VA’s MOVE! Initiative Plagued by Lack of Participation

Annette M. Boyle

SEATTLE — When it comes to weight loss, you have to play to lose — or at least that’s the conclusion of a study of the MOVE! Weight Loss Management Program for Veterans recently published in Preventing Chronic Disease.1


“We found greater weight loss in those who enrolled than in those who didn’t and more weight loss with more encounters,” Littman said. But the results were far from clear.

Participants and a coordinator preparing for the VISN 20 MOVE! Challenge 2012.

Researchers analyzed data on 76,599 eligible patients in the VA Northwest Region database who visited one of the the eight VISN 20 facilities in Alaska, Idaho, Oregon and Washington State at least once between Oct. 1, 2005, when MOVE! was implemented at the facility, and Dec. 31, 2008. Patients generally were considered eligible if they had a body mass index (BMI) of 30 or more or a BMI of 25.0 to 29.9 with an obesity-related condition and were younger than age 70. Of those eligible, 3,192 participated in the program, but only 942 had follow-up measures recorded during the study interval.

The study showed that participants had statistically significant weight loss, compared with non-participants at six months, dropping 1.3 pounds on average. By 12 months, however, the average difference in weight loss between participants and non-participants was statistically insignificant at less than 1 pound.

The relationship between the number of interactions with the program and weight loss was nonlinear, according to Littman.

“We created categories of encounters: one visit, two to five visits, and six or more visits. For the two to five visit group, there was no linear trend showing a correlation between number of visits and weight loss at six months. Those who had more than six encounters, though, had more weight loss than the other groups at six and 12 months,” Littman said.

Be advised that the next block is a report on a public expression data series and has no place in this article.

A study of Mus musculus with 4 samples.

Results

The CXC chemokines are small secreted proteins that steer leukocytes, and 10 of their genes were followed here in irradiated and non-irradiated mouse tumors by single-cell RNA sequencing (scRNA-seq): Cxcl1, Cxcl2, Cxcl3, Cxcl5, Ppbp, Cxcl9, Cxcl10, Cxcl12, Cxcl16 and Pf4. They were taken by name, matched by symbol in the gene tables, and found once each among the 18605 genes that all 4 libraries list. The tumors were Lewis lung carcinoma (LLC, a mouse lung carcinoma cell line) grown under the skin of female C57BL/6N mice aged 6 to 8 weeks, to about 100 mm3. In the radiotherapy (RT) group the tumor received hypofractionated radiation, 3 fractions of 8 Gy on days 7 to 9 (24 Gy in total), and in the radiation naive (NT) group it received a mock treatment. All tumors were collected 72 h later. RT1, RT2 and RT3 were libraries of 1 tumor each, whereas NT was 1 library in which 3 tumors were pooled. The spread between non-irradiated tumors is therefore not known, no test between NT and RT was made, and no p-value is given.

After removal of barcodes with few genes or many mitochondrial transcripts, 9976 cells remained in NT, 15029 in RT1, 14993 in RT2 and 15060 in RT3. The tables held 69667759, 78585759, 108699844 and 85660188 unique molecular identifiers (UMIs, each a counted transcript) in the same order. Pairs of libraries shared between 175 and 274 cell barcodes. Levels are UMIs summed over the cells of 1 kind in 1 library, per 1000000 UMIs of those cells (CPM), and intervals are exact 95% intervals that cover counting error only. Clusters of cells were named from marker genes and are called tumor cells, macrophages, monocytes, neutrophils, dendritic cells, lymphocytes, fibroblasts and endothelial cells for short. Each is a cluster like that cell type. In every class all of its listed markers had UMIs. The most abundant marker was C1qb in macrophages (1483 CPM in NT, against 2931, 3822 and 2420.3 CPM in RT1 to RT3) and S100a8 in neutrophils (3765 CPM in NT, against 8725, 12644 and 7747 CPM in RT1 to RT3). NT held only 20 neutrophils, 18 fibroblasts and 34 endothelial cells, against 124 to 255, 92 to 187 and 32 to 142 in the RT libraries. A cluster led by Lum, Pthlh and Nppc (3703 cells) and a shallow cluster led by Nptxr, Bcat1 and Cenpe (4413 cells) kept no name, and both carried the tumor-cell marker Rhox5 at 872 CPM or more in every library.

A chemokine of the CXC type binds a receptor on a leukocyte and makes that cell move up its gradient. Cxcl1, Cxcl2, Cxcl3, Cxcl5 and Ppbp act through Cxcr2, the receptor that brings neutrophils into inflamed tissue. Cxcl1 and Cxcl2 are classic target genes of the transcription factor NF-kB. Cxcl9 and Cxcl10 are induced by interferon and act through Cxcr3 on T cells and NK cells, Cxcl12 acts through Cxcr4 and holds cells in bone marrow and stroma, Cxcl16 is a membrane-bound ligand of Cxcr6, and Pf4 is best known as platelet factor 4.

One possible conclusion, she said, is that “there may be a threshold number of encounters required to see a benefit.”

Most of the approximately 150 VHA medical centers across the country offer a MOVE! program, which follows evidence-based obesity treatment guidelines and includes a comprehensive, multidisciplinary approach to weight management. Although MOVE! shares features with commercial weight-management programs — such as group meetings, self-management support via telephone or Internet and lessons about healthy living — it also has a strong clinical component.

VA requires that MOVE! program staff include a program coordinator to supervise staff, set local goals, ensure program compliance with national standards and track program outcomes as well as a physician champion responsible for patient safety, promoting outreach to other services in the VHA and the community and providing medical consultations for MOVE! participants. Otherwise, individual facilities are given significant flexibility in how they conduct the program.

In the VISN 20 study, only 13% of participants had six or more encounters during the research period. In some facilities, no patients had that many encounters. “Only a small fraction of participants achieved this level of intensity, resulting in a small overall impact of the program,” researchers concluded.

Overall, female patients with a BMI of 30 or greater, those with sleep apnea or any mental-health condition, and patients who had three or more primary-care visits during the study period were 30% more likely to participate. Individuals younger than 55, smokers and those who were widowed or lived more than 30 miles from a participating facility were less likely to participate than the reference group, which included veterans ages 55-64.